Binary compact object mergers are among the primary gravitational wave sources expected to be observed by the next generation of ground-based gravitational wave detectors.
A field of physics that is growing in interest worldwide that tackles such astrophysical phenomena as the source of violent space weather and the formation of stars.
Since 2015 marks the fiftieth anniversary of the discovery of the cosmic microwave background (CMB), I will begin by analyzing the very early experiments that established the properties of the CMB. What experimental problems did we face, and how did we overcome them? As CMB measurements grew more sensitive, new sources of systematic error and new foregrounds emerged. I'll describe the techniques CMB observers have evolved over the years to cope with them.
The study of the Sun, our nearest star, is making rapid progress, through a combination of a host of new space-based and ground-based observatories coming online and major advances in numerical simulations that incorporate increasingly complex physical mechanisms. I will provide an overview of some recent exciting discoveries that highlight the synergy between numerical modeling and observations with the Interface Region Imaging Spectrograph (IRIS), Solar Dynamics Observatory (SDO) and Hinode spacecraft. Some of the topics I will discuss include: 1.
The NASA Magnetospheric Multiscale Mission was developed and launched on March 12, 2015 to conduct a definitive experiment on magnetic reconnection in the boundary regions of the Earth’s magnetosphere. The focus is on understanding phenomena in the reconnection diffusion region that cause solar-wind and magnetospheric magnetic fields to merge, thereby releasing magnetic energy and accelerating charged particles.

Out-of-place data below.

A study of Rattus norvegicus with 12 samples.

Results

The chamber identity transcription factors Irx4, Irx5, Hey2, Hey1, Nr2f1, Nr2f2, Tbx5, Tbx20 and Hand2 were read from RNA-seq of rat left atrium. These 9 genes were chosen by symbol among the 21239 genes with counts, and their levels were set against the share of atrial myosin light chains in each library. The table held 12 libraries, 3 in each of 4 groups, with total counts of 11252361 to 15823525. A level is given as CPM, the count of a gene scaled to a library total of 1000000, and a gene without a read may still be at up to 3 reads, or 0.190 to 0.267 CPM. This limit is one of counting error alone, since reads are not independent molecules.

What began as a chat between husband and wife has evolved into an intriguing scientific discovery. The results, published in May in BMJ (formerly British Medical Journal) Open, show a “highly significant” correlation between periodic solar storms and incidences of rheumatoid arthritis (RA) and giant cell arteritis (GCA), two potentially debilitating autoimmune diseases.
At Escape Dynamics we are working on the next generation propulsion technologies with the goal of developing electromagnetically-powered engines operating at 10x the efficiency of chemical rockets. In this talk I will describe results of Escape Dynamics’ R&D efforts and outline our vision for the future of aerospace transportation. The primary focus of the talk will be on the technical aspects of external propulsion in which all or a part of the energy required for launch is coming from a ground-based array of microwave antennas configured to beam microwave energy to the vehicle.
I will give a broad introduction to modern comet science, with a focus on new results and the big picture, relating to the origin and evolution of the solar system.